The New York Times beat the world with a story by Jenny Anderson and Landon Thomas Jr. that says Merrill Lynch & Co.’s embattled chairman and chief executive, E. Stanley O’Neal, talked to Wachovia about a possible merger.
This is beyond your usual deal story and is a window into just how far-reaching the subprime disaster may turn out to be. Merrill is a Wall Street pillar, one of the last stand-alone pure securities firms, as opposed to outfits like mega-banks like Citigroup, which owns large brokerage and investment banking operations within the context of a commercial bank.
The Times tells us, moreover, that O’Neal, who just presided over a record loss as a result of subprime management, did not get approval for the foray from his own board, and that his already shaky hold on his job is now hanging by a thread.
Merrill’s board was so upset with Mr. O’Neal that it even discussed the names of potential candidates to replace him, according to people with knowledge of the board’s proceedings. Candidates who were discussed include Laurence D. Fink, chairman and chief executive of BlackRock, an investment firm partly owned by Merrill, and John A. Thain, chief executive of the New York Stock Exchange.
That’s pretty good detail. The deal probably won’t happen, but the fact that Merrill has reached this point is significant.
I also like Merrill’s non-denial:
Jason Wright, a Merrill Lynch spokesman, said early today that there had been no contacts with any potential merger partners, but he declined to comment on whether there had been conversations with any banks.
Charlie Gasparino, at CNBC, advances the story with word that O’Neal expects to be fired.
The Wall Street Journal, strangely, misses the point in pretending this doesn’t matter. O’Neal reaching out to a possible merger partner is news. Period. And if these unauthorized talks cost him his job, this misjudgment will come back to haunt the Journal.
Bloomberg posts two interviews with two analysts predicting oil will go up, to $95 or $100 a barrel, depending on which one you believe. I didn’t know those kinds of worrisome numbers were even on the table.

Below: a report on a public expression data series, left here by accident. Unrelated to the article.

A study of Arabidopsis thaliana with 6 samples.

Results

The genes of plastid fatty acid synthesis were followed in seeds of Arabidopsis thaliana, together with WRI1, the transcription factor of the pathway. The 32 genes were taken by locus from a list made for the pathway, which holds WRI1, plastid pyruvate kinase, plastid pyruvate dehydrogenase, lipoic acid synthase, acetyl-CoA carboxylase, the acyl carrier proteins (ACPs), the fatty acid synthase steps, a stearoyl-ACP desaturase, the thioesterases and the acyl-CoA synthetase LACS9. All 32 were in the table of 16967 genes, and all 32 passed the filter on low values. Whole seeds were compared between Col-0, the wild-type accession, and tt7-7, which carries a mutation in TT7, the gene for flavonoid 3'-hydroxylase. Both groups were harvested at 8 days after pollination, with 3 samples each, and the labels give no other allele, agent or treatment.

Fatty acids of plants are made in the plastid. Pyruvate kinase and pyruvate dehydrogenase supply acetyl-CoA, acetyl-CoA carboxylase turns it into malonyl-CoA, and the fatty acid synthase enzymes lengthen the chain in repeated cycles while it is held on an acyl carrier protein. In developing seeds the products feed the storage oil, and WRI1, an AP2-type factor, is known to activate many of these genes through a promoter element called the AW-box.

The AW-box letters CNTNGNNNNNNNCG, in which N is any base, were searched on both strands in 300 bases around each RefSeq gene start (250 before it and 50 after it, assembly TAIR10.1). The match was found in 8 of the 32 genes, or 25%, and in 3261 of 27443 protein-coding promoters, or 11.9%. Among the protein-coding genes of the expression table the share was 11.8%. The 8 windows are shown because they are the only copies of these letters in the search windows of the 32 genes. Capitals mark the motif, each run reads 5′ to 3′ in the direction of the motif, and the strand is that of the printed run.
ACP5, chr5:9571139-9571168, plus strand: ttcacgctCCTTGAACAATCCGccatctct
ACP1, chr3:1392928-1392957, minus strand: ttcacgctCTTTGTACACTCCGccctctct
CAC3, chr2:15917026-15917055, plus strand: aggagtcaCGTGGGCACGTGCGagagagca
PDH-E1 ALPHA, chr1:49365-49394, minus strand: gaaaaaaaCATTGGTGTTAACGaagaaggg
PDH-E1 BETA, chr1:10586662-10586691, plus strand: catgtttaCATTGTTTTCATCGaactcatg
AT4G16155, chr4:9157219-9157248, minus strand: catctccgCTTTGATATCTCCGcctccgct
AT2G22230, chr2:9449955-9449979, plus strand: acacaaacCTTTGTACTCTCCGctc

Meanwhile, Krugman is right again on the role of deregulation in the deteriorating subprime situation.
As it turns out, a Federal Reserve official, Edward M. Gramlich, had been trying to get his bosses to pay attention to subprime lending since 2000. And he wasn’t the only one.
I’ve seen these numbers before, but they are still stunning:
As late as 2003, subprime loans accounted for only 8.5 percent of the value of mortgages issued in this country. In 2005 and 2006, the peak years of the housing bubble, subprime was 20 percent of the total — and the delinquency rates on recent subprime loans are much higher than those on older loans.
When one of five of American mortgages is subprime, what does that mean?
In a paper presented just before his [recent] death, Mr. Gramlich wrote that “the subprime market was the Wild West. Over half the mortgage loans were made by independent lenders without any federal supervision.” What he didn’t mention was that this was the way the laissez-faire ideologues ruling Washington — a group that very much included Mr. Greenspan — wanted it. They were and are men who believe that government is always the problem, never the solution, that regulation is always a bad thing.
Conservatives have succeeded in making regulation a dirty word, but in my view it’s never been a red-blue issue. Bad actors hurt the market.
If publicly traded actors like Countrywide Financial post huge gains while making imprudent loans that will—not might—but will go bad a few years later, the rest of the market, even good actors who know better, must do the same or face the wrath of shareholders.
This goes beyond banking, of course. If Allstate Insurance Co., to take a name at random, doesn’t pay post-Katrina insurance claims, to take hypothetical situation, it will outperform competitors, especially in a laissez-faire regulatory environment that doesn’t require insurers to disclose their claims performance. Meanwhile, confidence in the insurance industry as a whole erodes.
In mining, one player, absent regulation, will always want to cut corners on worker safety, outperforming others who resist the temptation.
In the nuclear industry, one company will delay that maintenance work while others won’t. And so on.
More to our purposes, inadequate regulation presents a journalism problem.
We have regulators. Let’s cover them.